Female athletes are two to nine times more likely to suffer from anterior cruciate ligament (ACL) injuries than males. New research suggests that gender disparity is likely the result of body type and landing techniques.
ACL injuries are an extremely common sports injury, resulting in an estimated 80-100,000 ACL repairs in the US every year. Although most athletes are able to bounce back from these injuries, they can be a source of significant disability, lost playing time, and put you at an increased risk of arthritis later in life. Sports with jumping or quick starts and stops are tied to an increased risk of ACL injuries, such as basketball, soccer, volleyball, and lacrosse. Gender also plays a role in the risk of ACL injuries, but it was previously not understood why.
A new study from Oregon State University shows women are more likely to land in way associated with a higher risk of ACL injuries.
Using motion analysis software, researchers examined men and women’s body movements while performing various jumping exercises. Both men and women utilized their quad regions similarly, and they also landed stiffly, which has which has been tied to an elevated risk of ACL injuries. However, women were 3.6 times more likely to land in a “knock-kneed” position, with their thighs slightly inward. This inability to control frontal-plane knee loading may put the knee ligaments at risk.
Further research is needed to understand why women land in this way, but lead author Marcus Norcross speculated it may be related to women’s wider hips and body shape. It’s possible that preventive training could help to mitigate that risk however. Norcross said in a press release that his next research project will investigate the effects of integrating prevention strategies into high-school athletes’ warm ups with better landing techniques.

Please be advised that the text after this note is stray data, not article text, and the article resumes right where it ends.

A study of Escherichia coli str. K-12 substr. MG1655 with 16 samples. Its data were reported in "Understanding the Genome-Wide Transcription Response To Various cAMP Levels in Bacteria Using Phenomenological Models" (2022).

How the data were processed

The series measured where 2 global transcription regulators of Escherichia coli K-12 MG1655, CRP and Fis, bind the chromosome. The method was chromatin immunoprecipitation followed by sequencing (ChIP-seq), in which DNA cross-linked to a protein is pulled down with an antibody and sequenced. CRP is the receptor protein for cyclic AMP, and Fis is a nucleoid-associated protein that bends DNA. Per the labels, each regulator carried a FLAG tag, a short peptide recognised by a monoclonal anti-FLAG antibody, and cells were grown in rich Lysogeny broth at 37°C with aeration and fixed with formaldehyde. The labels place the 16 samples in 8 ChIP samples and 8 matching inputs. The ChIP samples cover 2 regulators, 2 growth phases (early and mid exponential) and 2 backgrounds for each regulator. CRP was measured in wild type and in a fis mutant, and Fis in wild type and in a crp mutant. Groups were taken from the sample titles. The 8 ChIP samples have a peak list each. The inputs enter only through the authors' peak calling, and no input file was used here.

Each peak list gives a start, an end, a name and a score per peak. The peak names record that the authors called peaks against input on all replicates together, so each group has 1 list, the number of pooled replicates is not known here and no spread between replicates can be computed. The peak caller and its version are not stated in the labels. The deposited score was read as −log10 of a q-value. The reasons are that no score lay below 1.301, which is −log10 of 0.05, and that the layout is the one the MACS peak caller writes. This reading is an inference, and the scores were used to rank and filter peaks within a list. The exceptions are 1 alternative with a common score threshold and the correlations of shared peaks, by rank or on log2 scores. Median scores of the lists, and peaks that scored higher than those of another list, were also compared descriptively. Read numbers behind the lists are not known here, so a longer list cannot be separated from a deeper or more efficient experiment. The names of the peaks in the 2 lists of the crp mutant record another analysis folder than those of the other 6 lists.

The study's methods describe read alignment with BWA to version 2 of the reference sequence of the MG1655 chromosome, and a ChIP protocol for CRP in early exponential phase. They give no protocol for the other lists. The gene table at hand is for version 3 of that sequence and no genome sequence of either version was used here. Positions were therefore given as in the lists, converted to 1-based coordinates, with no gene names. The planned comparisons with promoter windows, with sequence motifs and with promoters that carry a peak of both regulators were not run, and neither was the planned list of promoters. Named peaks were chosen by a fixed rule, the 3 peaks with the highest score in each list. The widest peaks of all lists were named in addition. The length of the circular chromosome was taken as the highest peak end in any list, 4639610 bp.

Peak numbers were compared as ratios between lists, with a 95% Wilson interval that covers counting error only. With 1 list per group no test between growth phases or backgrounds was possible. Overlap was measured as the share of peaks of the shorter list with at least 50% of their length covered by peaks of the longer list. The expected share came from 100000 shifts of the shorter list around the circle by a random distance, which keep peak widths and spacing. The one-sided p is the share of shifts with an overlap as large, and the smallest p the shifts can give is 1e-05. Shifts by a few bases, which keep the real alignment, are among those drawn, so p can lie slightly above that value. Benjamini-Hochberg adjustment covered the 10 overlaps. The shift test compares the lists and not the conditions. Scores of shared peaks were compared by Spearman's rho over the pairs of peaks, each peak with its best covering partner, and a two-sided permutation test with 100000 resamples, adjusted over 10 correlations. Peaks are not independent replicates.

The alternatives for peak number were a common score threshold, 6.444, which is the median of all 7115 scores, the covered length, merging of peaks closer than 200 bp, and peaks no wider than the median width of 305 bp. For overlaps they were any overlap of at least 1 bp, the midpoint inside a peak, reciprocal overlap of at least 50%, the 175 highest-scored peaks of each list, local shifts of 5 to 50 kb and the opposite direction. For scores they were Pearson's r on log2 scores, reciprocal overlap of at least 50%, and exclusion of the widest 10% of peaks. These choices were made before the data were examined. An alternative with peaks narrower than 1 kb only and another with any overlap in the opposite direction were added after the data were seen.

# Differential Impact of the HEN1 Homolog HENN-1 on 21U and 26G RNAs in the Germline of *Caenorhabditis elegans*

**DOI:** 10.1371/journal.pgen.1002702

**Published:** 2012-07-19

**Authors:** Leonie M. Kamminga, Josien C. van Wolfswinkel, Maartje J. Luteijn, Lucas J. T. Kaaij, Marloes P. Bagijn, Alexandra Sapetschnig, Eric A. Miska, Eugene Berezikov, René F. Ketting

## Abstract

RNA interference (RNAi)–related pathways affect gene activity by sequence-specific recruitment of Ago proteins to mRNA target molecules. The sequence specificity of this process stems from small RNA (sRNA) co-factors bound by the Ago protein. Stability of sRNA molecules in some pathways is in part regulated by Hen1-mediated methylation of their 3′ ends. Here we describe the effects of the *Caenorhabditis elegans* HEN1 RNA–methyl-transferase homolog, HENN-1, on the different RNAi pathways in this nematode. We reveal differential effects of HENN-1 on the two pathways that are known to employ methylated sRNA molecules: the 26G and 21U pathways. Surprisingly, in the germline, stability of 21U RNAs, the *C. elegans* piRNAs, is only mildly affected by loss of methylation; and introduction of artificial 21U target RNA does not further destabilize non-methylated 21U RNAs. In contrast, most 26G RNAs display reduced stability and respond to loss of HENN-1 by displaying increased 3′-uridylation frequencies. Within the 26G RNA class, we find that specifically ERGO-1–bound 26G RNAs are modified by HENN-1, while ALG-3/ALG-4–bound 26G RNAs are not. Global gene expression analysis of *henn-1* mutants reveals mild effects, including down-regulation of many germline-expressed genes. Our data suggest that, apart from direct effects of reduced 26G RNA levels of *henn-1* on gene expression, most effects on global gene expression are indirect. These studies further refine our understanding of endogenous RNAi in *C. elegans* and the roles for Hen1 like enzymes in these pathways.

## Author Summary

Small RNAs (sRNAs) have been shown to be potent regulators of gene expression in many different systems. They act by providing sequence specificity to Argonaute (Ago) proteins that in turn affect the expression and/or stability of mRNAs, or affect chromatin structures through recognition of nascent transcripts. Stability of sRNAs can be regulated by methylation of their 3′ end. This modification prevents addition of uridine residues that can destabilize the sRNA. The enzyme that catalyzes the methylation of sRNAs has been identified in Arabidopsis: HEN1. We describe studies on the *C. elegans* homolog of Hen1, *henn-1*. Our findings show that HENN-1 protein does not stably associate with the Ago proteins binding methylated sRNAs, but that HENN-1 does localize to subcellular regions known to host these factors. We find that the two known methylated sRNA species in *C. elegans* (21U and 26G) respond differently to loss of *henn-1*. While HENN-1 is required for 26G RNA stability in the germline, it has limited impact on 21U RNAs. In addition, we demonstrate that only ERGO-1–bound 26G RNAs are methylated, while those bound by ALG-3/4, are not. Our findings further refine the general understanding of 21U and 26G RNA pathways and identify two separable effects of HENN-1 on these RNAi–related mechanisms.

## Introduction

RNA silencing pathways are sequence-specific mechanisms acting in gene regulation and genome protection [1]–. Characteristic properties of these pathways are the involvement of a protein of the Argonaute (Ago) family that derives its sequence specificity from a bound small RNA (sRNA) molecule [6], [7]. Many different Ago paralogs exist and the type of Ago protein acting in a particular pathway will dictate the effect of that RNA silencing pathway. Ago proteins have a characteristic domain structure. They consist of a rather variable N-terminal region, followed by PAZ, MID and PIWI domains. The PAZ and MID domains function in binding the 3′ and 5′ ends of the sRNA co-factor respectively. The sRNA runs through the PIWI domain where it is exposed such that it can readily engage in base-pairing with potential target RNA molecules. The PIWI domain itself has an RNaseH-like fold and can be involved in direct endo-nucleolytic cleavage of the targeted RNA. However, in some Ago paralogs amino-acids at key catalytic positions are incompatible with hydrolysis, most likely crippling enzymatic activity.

Chiropractors often treat athletes recovering from torn ACLs and other lower-limb complaints. One study of Australian football players showed that showed that players under chiropractic care had a reduced incidence of lower-limb injuries compared to players not receiving chiropractic care.
Exercise therapies have been shown to be effective for healing one of the most common types of knee injuries, meniscal tears. In one study, exercise therapies were as effective as surgery for alleviating symptoms in patients with knee arthritis and meniscal tears. Chiropractors frequently provide such therapies, often as a part of an integrated approach.
Norcross MF, et al. Lower Extremity Energy Absorption and Biomechanics During Landing, Part I: Sagittal-Plane Energy Absorption Analyses. Journal of Athletic Training 2013.
Norcross MF, et al. Lower Extremity Energy Absorption and Biomechanics During Landing, Part II: Frontal-Plane Energy Analyses and Interplanar Relationships. Journal of Athletic Training 2013.
Hoskins W, Pollard H. The effect of a sports chiropractic manual therapy intervention on the prevention of back pain, hamstring and lower limb injuries in semi-elite Australian Rules footballers: a randomized control trial. BMC Musculoskeletal Disorders 2010;11:64.
Cimino F, et al. Anterior cruciate ligament injury: diagnosis, management, and prevention. American Family Physician 2010; 82(8):917-922.